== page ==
Symposium on Tax Justice in Dutch Senate
This week the Standing Committee on Finance of the Dutch Senate organised a Symposium on Tax Justice, aiming to create an opportunity to discuss and evaluate tax practice in the Netherlands from different perspectives and in an international context. The Symposium was divided into four sections, respectively on tax havens, bank secrecy and bank privacy, tax evasion and avoidance in relation to developing cooperation, and on tax planning in relation to Corporate Social Responsibility (CSR).
The occasion for the Symposium was the publishing of the book “Tax Justice – Putting Global Inequality on the Agenda” Francine Mestrum, one of the editors, presented the book to Dutch Deputy Minister of Finance Jan Kees de Jager and explained the consequences of tax evasion and avoidance for developing countries. This was a relatively isolated narrative in the symposium, since the other speakers did not consider the effects of tax matters on developing countries in their presentations - showing the absence of this aspect in the current international discussion.
In his opening statement, Mr. De Jager highlighted the importance of transparency and the efforts of the Dutch government to address the problem of tax havens by signing bilateral Tax Information Exchange Agreements (TIEAs - see more here.) He mentioned that the long-term goal of the Netherlands is to create a system of automatic information exchange.
Pascal Saint-Amans of the OECD also stressed the progress made on information exchange. He spoke of a new political momentum and stated that in February and March this year more had been achieved to increase transparency on tax than in the last 20 years. Both speakers focused on private money held in tax havens, leaving aside tax evasion and avoidance practices of multinationals. Albert Hollander, president of Tax Justice Netherlands, did bring up this issue and showed the opportunities for tax avoidance by multinational corporations that the Dutch tax system creates.
Eric Kemmeren, professor of Internal Tax Law at Tilburg University and an adviser for Ernst & Young, indicated it is time to change the tax system instead of fighting the symptoms of the current one. He explained a tax structure based on origin-based taxation of interest payments, presumed to reduce tax avoidance and to benefit developing countries (see more on source and residence taxation here.) He also argued that fair competition requires so-called ‘Capital and Labour Import Neutrality’ of taxes, that is, the taxes on a company should depend on where it operates, not on the nationality of its owners or workers. From this point of view, he argued that the new tax plans of Obama can be considered a step in the wrong direction.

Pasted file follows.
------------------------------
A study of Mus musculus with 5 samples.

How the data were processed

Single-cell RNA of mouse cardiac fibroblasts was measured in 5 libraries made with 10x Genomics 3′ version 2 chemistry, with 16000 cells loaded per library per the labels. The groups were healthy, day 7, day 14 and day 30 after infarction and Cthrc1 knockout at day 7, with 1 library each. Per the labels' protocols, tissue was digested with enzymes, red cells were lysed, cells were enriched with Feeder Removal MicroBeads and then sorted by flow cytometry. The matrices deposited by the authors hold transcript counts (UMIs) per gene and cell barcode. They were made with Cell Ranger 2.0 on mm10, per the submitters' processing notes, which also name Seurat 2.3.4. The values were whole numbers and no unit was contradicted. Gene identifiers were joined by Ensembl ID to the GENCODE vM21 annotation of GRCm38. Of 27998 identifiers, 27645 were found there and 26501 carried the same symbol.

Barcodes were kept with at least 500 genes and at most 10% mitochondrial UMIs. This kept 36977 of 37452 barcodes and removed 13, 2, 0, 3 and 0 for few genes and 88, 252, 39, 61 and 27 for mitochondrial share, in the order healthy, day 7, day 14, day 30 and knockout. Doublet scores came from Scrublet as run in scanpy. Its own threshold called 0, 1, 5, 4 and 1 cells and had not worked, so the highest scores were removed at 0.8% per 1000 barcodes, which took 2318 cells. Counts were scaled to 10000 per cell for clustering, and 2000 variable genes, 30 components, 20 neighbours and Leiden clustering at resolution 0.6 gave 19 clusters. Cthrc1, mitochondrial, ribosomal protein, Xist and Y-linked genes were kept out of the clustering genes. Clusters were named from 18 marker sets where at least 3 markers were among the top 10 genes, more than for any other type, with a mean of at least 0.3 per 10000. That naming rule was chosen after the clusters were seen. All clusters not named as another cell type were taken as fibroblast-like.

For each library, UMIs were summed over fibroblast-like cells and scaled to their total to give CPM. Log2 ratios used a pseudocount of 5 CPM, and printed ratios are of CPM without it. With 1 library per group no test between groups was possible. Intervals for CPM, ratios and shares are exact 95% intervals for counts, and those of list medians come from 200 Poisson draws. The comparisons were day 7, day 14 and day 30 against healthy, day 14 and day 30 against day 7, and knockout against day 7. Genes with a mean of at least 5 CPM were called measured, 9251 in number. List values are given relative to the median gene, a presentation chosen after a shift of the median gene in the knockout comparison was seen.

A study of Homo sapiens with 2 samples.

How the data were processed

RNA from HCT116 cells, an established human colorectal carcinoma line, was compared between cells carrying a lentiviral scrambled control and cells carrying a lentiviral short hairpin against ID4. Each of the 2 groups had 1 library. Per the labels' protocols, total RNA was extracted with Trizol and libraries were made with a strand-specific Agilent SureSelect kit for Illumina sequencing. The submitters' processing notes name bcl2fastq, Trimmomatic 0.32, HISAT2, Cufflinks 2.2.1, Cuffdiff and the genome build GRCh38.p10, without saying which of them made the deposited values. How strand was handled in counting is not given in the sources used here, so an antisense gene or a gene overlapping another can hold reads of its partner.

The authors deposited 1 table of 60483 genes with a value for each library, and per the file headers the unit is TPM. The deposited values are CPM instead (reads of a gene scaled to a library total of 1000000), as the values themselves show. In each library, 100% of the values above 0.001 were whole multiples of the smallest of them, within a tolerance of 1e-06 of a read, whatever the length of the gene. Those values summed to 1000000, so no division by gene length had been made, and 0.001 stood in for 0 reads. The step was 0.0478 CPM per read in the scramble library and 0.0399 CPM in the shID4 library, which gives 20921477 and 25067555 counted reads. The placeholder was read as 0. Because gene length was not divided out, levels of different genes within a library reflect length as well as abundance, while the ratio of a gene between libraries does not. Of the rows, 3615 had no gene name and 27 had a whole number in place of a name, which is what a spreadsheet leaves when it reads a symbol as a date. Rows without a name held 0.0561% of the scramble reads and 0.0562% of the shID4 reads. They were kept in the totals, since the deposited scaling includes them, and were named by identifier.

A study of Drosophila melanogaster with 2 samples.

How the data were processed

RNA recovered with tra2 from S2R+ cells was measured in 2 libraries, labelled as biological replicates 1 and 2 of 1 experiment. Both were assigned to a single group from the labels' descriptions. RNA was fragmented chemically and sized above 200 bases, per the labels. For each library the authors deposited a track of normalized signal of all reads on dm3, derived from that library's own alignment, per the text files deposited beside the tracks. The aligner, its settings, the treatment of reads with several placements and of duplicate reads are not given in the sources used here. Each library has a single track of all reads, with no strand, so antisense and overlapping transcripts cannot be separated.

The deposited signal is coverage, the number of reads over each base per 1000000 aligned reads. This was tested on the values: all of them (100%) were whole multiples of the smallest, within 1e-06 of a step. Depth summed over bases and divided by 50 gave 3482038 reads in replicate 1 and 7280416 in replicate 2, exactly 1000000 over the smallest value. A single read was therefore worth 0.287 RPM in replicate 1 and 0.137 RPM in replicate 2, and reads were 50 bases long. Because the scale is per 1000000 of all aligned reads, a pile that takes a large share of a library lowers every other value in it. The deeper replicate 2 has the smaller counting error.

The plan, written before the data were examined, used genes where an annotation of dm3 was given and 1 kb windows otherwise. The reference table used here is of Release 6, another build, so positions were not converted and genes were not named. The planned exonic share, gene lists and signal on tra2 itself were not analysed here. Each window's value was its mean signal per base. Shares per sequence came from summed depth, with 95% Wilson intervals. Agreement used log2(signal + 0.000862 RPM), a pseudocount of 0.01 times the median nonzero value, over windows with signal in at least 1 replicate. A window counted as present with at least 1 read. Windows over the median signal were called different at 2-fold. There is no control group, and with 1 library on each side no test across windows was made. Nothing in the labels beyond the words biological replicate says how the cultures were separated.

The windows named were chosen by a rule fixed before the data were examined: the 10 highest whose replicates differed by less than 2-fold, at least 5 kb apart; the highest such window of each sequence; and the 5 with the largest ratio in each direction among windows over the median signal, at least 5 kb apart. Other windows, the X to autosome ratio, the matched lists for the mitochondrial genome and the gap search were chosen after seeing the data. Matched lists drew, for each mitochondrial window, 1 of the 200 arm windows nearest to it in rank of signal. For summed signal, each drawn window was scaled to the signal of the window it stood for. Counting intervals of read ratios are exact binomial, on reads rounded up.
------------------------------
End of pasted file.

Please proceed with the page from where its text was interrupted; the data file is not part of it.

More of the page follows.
Richard Happé, professor of Tax Law at Tilburg University, indicated that tax has become part of CSR, accelerated by scandals such as Enron or Parmalat. To him, good corporate citizenship is a matter of paying a fair share, which should be translated into transparency requirements and law. In contrast with Happé however, Jos Beerepoot, Head of Group Taxation of Unilever, was more reserved and stated the difficulties multinational companies face with regard to full transparency on paid tax on a country-by-country basis. He brought up the complexity and competitive sensitivity of tax information and stated his preference for better disclosure at the aggregate level.
For more information on the symposium, please see the website of the Senate (information in Dutch!) For the programme in English, please click here.
Soon the speakers' presentations, and a recording of the symposium, will be available on the Senate website too.